Mobridge in Corson County, South Dakota — The American Midwest (Upper Plains)
When Jedediah was 23 years of age he went to St. Louis and enlisted with General William H. Ashley as an employee of the Rocky Mountain Fur co. In 1823 he was with Ashley and a party of 90 trappers, traders, and boatmen when they were attacked by the previously friendly Aricara Indians as the group camped near their villages 5 miles upstream from this monument . After the bloody encounter they regained their boats and drifted downstream. When the boatmen and some of the others refused to try to pass the villages. Ashley had to send word to his partner. Major Andrew Henry, on the Yellowstone to warn him of the treachery of the Aricara. Jedediah Smith responded to Ashley's call for a volunteer. Being a deeply religious young man. Smith made what Hugh Glass described as a "powerful prayer " for his slain companions and the success of his own mission. This is recorded as the first act of Christian worship in South Dakota. Although the journey was through and unknown wilderness full of hostile Indians, the boy from New York was successful and made marvelous speed. Much impressed Ashley named Smith Captain in the Motley army of trappers, traders, and Indians who were a potent auxiliary to Col. Henry Leavenworth's 6th Infantry in its August attack to punish the Aricara.
Tapper, Trader, Explorer
After selling his interest in the successful partnership he shifted his efforts into the Southwest, and while searching for water to succor his party he was killed by Comanche arrows at the age of thirty-two at a scooped-out mudhole on the Cimarron.
No other man's record better typifies the hard life of the successful frontiersman of the Great West.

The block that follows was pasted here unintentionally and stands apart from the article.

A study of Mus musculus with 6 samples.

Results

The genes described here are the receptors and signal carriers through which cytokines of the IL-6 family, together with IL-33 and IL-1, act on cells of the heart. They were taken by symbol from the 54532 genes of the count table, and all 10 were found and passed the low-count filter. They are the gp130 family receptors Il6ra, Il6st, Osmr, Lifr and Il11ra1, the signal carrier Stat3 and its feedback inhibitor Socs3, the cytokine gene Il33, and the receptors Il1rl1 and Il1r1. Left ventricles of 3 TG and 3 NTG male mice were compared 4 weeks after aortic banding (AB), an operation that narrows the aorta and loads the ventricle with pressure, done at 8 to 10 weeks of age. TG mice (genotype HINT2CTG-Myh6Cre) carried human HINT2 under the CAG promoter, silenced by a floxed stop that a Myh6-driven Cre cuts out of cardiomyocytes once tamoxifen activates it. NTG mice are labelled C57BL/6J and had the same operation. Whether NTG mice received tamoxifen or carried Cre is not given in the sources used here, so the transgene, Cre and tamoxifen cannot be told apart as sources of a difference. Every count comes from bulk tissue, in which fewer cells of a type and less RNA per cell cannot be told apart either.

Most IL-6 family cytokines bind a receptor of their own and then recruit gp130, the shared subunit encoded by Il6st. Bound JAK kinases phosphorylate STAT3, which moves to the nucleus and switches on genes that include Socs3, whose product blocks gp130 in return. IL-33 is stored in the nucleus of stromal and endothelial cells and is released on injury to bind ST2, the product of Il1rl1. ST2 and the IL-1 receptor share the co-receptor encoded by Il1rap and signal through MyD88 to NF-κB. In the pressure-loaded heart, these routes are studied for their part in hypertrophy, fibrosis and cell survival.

Jedediah Smith gained great fame in his short span of years as both frontiersman and explorer. Less
Smith's worth as an explorer, his resourcefulness as a leader, and his skill as a mountain man were only surpassed by his integrity and faith. Men spoke of him as a Christian gentleman. Those who knew him best said that he made religion "an active principle from the duties of which nothing could seduce him."
Jedediah Smith was big -- 6ft. 2in., brave, and daring, and an example of piety for the rough men with whom he dealt and dwelt.
Location. 45° 34.417′ N, 100° 29.203′ W. Marker is in Mobridge, South Dakota, in Corson County. Marker is at the intersection of U.S. 12 and State Highway 1806 on U.S. 12. Touch for map. This marker is located in a roadside
Other nearby markers. At least 8 other markers are within 3 miles of this marker, measured as the crow flies. The Fur Trade (within shouting distance of this marker); Leavenworth Battle (within shouting distance of this marker); The Arikara People (within shouting distance of this marker); Native American Scenic Byway (within shouting distance of this marker); "MO.Bridge" (approx. 2.1 miles away); History Beneath the Waters (approx. 2.1 miles away); Ensign Nathaniel Pryor (approx. 2.4 miles away); Lewis & Clark (approx. 2.4 miles away). Touch for a list and map of all markers in Mobridge.
Categories. • Exploration •
Credits. This page was last revised on January 27, 2018. This page originally submitted on January 26, 2018, by Ruth VanSteenwyk of Aberdeen, South Dakota. This page has been viewed 52 times since then. Photos: 1, 2, 3, 4. submitted on January 26, 2018, by Ruth VanSteenwyk of Aberdeen, South Dakota. • Andrew Ruppenstein was the editor who published this page.